With the European Tour revealing that it is considering plans to resurrect the Seve Trophy, Jon Rahm has vowed to make his own tribute to his legendary countryman on Sunday.
On 15 under, the 25 year old is sharing the DP World Tour Championship lead with Mike Lorenzo-Vera and with respect to the Frenchman and indeed to Rory McIlroy, two shots away in third, Rahm is the odds-on favourite to win this event for the second time in three years.
A fourth title of the season would also mean he finishes the campaign on top of the Race to Dubai and so add his name to the illustrious Harry Vardon Trophy. And despite there being a $5 million bounty on offer ($3 million for the tournament, $2 million for the order of merit), the opportunity to emulate his nation’s hero is what will be driving Rahm.
“It gives me goosebumps to think about that,” Rahm said, following a brilliant 66 featuring seven birdies and one bogey. “As a Spaniard, when you can put your name on a list on which there’s only one other Spanish name, and that name is Seve, is pretty impactful and really emotional. Not even Jose Maria [Olazabal] or Sergio [Garcia] or Miguel Angel [Jimenez] could get it done. It’s hard to believe that I have the chance to be only the second…”
Rahm is aware he could come in outright second and still join Ballesteros in that exclusive club. However, in that scenario he would need Tommy Fleetwood to finish behind him and Bernd Wiesberger to finish worse than in a two-way tie for fifth. Fleetwood is in fourth on 11 under and Wiesberger struggling in a tie for 24th on two under following a nervy 73, so that permutation could well transpire. Except Rahm, a fiery character, is not the type to play for anything else but first and neither is he a great mathematician. “If I win that makes the maths so much the simpler,” he said, with a grin.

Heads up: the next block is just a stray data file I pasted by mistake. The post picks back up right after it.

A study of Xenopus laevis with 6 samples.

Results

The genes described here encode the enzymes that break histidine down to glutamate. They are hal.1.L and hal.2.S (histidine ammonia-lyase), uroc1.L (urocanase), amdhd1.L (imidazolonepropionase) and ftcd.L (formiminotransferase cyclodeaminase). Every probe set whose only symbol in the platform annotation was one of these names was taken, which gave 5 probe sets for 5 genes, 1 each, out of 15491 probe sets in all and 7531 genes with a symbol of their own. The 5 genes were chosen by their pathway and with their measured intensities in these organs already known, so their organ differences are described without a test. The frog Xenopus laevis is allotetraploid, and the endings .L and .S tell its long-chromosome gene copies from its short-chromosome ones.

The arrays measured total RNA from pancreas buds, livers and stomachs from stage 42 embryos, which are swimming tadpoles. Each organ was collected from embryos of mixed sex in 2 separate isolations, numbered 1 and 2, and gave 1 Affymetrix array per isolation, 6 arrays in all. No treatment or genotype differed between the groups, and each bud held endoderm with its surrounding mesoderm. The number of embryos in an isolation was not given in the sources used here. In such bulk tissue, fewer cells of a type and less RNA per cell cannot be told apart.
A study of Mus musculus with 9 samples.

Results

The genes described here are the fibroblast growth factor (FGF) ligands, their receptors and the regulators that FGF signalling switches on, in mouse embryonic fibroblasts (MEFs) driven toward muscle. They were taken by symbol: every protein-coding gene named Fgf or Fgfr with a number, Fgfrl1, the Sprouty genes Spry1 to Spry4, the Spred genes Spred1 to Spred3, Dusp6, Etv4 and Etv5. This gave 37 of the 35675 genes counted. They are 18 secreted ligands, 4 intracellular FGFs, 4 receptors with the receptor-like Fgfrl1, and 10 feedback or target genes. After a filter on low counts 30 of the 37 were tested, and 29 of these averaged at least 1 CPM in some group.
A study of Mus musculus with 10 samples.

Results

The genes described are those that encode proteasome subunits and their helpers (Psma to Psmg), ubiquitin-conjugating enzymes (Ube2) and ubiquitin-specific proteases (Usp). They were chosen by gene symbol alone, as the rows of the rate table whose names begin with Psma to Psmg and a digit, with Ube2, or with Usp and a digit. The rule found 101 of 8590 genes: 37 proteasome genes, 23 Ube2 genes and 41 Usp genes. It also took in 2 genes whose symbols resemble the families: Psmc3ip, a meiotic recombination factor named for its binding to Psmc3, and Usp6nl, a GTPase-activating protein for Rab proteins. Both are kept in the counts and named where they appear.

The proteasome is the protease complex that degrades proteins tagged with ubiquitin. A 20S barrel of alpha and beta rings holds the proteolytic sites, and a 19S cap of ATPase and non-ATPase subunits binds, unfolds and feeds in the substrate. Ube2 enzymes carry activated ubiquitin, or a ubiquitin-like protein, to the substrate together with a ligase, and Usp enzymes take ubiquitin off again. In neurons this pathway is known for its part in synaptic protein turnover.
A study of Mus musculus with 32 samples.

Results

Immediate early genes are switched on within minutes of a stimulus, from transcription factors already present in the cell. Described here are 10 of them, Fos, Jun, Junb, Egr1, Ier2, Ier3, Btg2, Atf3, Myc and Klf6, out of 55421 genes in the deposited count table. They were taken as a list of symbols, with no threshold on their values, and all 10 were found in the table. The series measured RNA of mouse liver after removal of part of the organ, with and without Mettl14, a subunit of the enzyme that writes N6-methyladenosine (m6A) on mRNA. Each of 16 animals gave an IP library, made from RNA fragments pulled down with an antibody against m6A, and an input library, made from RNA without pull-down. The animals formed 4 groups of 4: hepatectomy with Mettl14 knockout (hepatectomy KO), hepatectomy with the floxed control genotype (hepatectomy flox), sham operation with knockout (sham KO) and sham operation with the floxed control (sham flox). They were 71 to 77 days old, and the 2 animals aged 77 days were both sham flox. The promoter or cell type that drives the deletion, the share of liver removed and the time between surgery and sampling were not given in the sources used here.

It will be easy for some to dismiss Lorenzo-Vera’s candidature. The 34-year-old has not won in 193 starts on tour and has a woeful record when in contention on Sundays. Yet, there is something about the Basque this week that suggests he is ready to leave all that baggage behind.
In Friday’s second round, he outscored playing partner McIlroy 69 to 74 and on Saturday he again put the higher-ranked golfer in his place when posting a 69 alongside Fleetwood’s 70. Lorenzo-Vera retained an advantage on the leaderboard all afternoon until a bogey on the 18th. When asked live on Sky Sports about that concluding six, he was, at the very least, honest. “Yeah, we f----- up a bit on the 18th tee, that was not driver,” he said.
When Tim Barter, the Sky interviewer, apologised for the bad language to the viewers, Lorenzo-Vera looked perplexed. “I’m sorry, but I’m French,” he replied. “I am still learning.” Will Sunday be yet another stage in his education?
McIlroy will clearly be the fancy of many after his beautifully composed 65, lit up by an eagle and five birdies. The world No 2 has none of the Race To Dubai pressure on his back and when he is unrestricted he is dangerous. And perhaps Fleetwood will feel less burdened by the expectation now he is playing catch-up. His putting let down the rest of his game in his two-under third round, but having come back from six off the pace to prevail last Sunday in Sun City, Fleetwood knows what is possible if his flat-stick obliges.
Fleetwood played in the latest edition of the Seve Trophy in 2013 before the Ryder Cup rehearsal – featuring Great Britain and Ireland versus Continental Europe – made way for the EurAsia Cup between Europe and Asia.
However, the Malaysian government has pulled its backing from the latter and Keith Pelley, the Tour’s chief executive, has indicated the former could reappear on the schedule in 2021.
“I like the Seve Trophy as a concept and I’m told that it was very useful as preparation for the Ryder Cup,” Pelley said. “It is something we might look to bring back before the 2022 match.” If nothing else, the memory of Ballesteros deserves this to happen.